Turkey. Potatoes. Cookies. Gumbo. Macaroni and cheese. Family recipes passed down through generations. Comfort foods like these are often staples of holiday gatherings. But for those who struggle with food insecurity, holidays do not bring much comfort.
Random Acts Legal Advisor Vivien Lyon decided to do something about this in their own community. With the help of funding from Random Acts, Vivien donated nutritious food items to Portland Free Fridge. Also known as PDX Free Fridge, the organization works to make food and essentials more accessible throughout Portland, Oregon.
A mutual aid effort, PDX Free Fridge is run completely by volunteers. The group provides resources and information for anyone to build and maintain a free fridge or pantry in their own neighborhood. Anyone is welcome to use the free fridges and pantries. But they primarily help unhoused populations, many living in tent camps or makeshift shelters.
When Vivien reached out to PDX Free Fridge, they learned that a lot of donations are pantry staples and “ingredient” type foods like rice, butter, flour, etc. But those most in need of access to food often do not have access to kitchens. Fresh produce and healthy ready-to-eat foods are also more difficult to obtain.
Because of this, Vivien decided to donate items that do not require kitchen access. They brought fruit, yogurt, muffins, ready-to-eat salads, sandwiches, and other prepared foods to multiple locations.
A Community Initiative
Since Portland has such a large unhoused population, the fridges get emptied soon after donations are dropped off. And there are often more people lined up waiting for the next donation. After dropping their donations off, Vivien spoke with some community members waiting in line.
“It’s clear that a lot of people really rely on these fridges,” Vivien said.
The fridges and pantries are hosted and run by neighbors, creating opportunities for community involvement. Anyone can donate items and help with upkeep. When someone sets up a new fridge or pantry, PDX Free Fridge offers support and adds the location to their map.
On Thanksgiving, Vivien spent most of the day delivering ready-to-eat meals to five fridges. But they were left with a desire to do more. Before the December holidays, they dropped off even more food to free fridges. This time, they delivered to fridges and pantries in Portland neighborhoods farther southeast.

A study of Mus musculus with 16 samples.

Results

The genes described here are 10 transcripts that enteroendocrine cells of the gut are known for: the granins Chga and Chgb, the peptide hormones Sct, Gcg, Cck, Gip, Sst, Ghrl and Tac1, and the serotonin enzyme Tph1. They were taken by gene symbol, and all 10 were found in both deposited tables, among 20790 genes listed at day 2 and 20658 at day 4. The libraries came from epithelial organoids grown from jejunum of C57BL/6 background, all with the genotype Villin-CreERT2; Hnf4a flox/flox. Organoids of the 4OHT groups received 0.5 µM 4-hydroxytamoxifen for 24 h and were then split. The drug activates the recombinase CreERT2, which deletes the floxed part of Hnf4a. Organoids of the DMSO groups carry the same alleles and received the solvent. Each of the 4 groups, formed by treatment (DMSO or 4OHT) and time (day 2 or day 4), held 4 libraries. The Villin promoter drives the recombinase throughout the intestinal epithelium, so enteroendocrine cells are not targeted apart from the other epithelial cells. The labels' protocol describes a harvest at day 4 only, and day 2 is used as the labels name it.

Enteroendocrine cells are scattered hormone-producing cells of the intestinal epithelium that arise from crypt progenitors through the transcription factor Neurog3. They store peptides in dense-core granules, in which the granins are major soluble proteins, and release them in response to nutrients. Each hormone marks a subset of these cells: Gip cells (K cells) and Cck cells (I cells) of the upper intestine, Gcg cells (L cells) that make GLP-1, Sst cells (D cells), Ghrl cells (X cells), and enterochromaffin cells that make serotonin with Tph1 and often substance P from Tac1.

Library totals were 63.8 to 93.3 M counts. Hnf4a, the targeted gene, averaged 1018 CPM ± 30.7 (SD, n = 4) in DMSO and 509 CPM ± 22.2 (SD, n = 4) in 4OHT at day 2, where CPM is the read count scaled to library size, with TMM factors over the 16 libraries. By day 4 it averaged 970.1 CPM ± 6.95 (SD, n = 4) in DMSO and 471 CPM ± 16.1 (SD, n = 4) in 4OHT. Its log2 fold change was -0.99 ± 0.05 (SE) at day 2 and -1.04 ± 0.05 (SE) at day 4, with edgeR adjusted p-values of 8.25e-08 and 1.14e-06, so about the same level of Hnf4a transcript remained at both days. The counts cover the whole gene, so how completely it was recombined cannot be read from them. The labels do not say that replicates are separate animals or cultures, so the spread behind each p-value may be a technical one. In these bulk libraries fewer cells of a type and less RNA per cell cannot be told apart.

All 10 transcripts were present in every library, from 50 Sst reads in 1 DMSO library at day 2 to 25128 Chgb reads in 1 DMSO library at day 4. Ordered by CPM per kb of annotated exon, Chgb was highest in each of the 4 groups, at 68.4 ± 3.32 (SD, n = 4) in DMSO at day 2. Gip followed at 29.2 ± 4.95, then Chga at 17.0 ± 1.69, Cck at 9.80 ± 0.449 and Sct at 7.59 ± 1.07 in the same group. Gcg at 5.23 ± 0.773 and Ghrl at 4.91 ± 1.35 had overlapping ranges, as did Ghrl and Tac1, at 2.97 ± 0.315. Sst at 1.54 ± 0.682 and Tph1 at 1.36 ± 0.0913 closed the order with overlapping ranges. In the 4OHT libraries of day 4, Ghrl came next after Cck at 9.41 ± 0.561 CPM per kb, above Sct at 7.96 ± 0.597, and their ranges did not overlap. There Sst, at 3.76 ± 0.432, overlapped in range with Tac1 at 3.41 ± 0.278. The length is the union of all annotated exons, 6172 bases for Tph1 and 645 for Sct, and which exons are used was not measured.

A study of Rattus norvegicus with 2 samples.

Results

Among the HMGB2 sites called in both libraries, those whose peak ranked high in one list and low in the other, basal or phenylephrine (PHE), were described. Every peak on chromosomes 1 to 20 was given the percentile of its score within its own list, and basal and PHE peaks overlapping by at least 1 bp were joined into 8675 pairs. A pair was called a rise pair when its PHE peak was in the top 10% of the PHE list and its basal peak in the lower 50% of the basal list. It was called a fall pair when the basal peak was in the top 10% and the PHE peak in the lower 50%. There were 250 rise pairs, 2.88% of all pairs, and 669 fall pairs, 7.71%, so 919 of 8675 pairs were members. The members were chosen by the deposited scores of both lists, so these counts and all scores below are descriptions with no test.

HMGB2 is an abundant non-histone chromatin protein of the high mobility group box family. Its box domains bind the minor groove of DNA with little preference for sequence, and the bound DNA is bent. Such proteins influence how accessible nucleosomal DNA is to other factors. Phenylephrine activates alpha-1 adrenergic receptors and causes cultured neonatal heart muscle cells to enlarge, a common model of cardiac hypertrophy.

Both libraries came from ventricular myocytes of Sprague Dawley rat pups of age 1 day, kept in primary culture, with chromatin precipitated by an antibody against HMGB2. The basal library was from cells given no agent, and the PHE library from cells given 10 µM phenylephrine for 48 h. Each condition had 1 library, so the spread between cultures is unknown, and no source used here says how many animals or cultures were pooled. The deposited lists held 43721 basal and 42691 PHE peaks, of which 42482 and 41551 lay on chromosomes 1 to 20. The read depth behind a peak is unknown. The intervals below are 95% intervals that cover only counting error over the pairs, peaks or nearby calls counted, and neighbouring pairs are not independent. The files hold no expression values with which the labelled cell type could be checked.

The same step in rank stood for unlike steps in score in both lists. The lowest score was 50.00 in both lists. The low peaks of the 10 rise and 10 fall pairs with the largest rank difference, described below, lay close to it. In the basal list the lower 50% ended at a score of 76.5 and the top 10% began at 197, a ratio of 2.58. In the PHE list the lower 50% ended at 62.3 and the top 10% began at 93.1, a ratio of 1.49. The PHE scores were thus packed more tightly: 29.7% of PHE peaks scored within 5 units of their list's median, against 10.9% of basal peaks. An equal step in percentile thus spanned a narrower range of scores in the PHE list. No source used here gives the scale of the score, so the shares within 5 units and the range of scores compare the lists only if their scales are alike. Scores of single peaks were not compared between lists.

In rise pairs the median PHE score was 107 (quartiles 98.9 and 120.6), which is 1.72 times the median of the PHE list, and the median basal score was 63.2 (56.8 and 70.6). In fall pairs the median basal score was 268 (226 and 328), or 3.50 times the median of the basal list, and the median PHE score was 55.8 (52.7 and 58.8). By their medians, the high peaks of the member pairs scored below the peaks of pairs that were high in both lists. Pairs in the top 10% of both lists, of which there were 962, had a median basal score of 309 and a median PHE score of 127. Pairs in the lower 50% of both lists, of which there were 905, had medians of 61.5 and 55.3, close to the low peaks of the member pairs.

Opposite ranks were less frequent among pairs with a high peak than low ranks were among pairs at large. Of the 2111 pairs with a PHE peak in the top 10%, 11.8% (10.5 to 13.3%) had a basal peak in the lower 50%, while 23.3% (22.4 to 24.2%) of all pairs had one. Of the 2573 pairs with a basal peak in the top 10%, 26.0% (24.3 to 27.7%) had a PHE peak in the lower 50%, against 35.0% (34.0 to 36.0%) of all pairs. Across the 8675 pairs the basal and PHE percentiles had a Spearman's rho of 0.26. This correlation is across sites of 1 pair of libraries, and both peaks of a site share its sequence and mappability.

These neighborhoods have larger unhoused populations than most areas of the city. This leads to a greater need for food banks and other assistance. But the inequity in southeast Portland has even deeper roots. Many immigrants, people of color, and other marginalized groups live in these neighborhoods.
Much of Portland is built on unceded Indigenous lands. Gentrification and other systemic policies have led to the displacement of Native American families. Genocide, relocation, and cultural assimilation have proven long-lasting effects on those experiencing food insecurity.
PDX Free Fridge acknowledges these disparities by supporting BIPOC communities. Volunteers have the option to build free fridges and pantries with their own resources. Or they can do so through PDX Free Fridge, who will hire BIPOC builders and artists.
PDX Free Fridge encourages neighbors to help neighbors everywhere. Although their network of independent fridges and pantries is in Portland, their resources are available to anyone in any city.
Neighbors Helping Neighbors
During their act of kindness, Vivien learned more about their community and enjoyed helping their neighbors.
“It was one of the best Thanksgivings I’ve had in the last decade, honestly,” Vivien said.
With help from Random Acts, Vivien was able to provide holiday meals to people who otherwise might not have eaten much, if at all.
“It felt good to spend time during the holidays helping other people in a concrete way,” said Vivien. “I think we can all benefit from knowing how poverty impacts our neighbors, and understand that the effort to help people around us is always worth it.”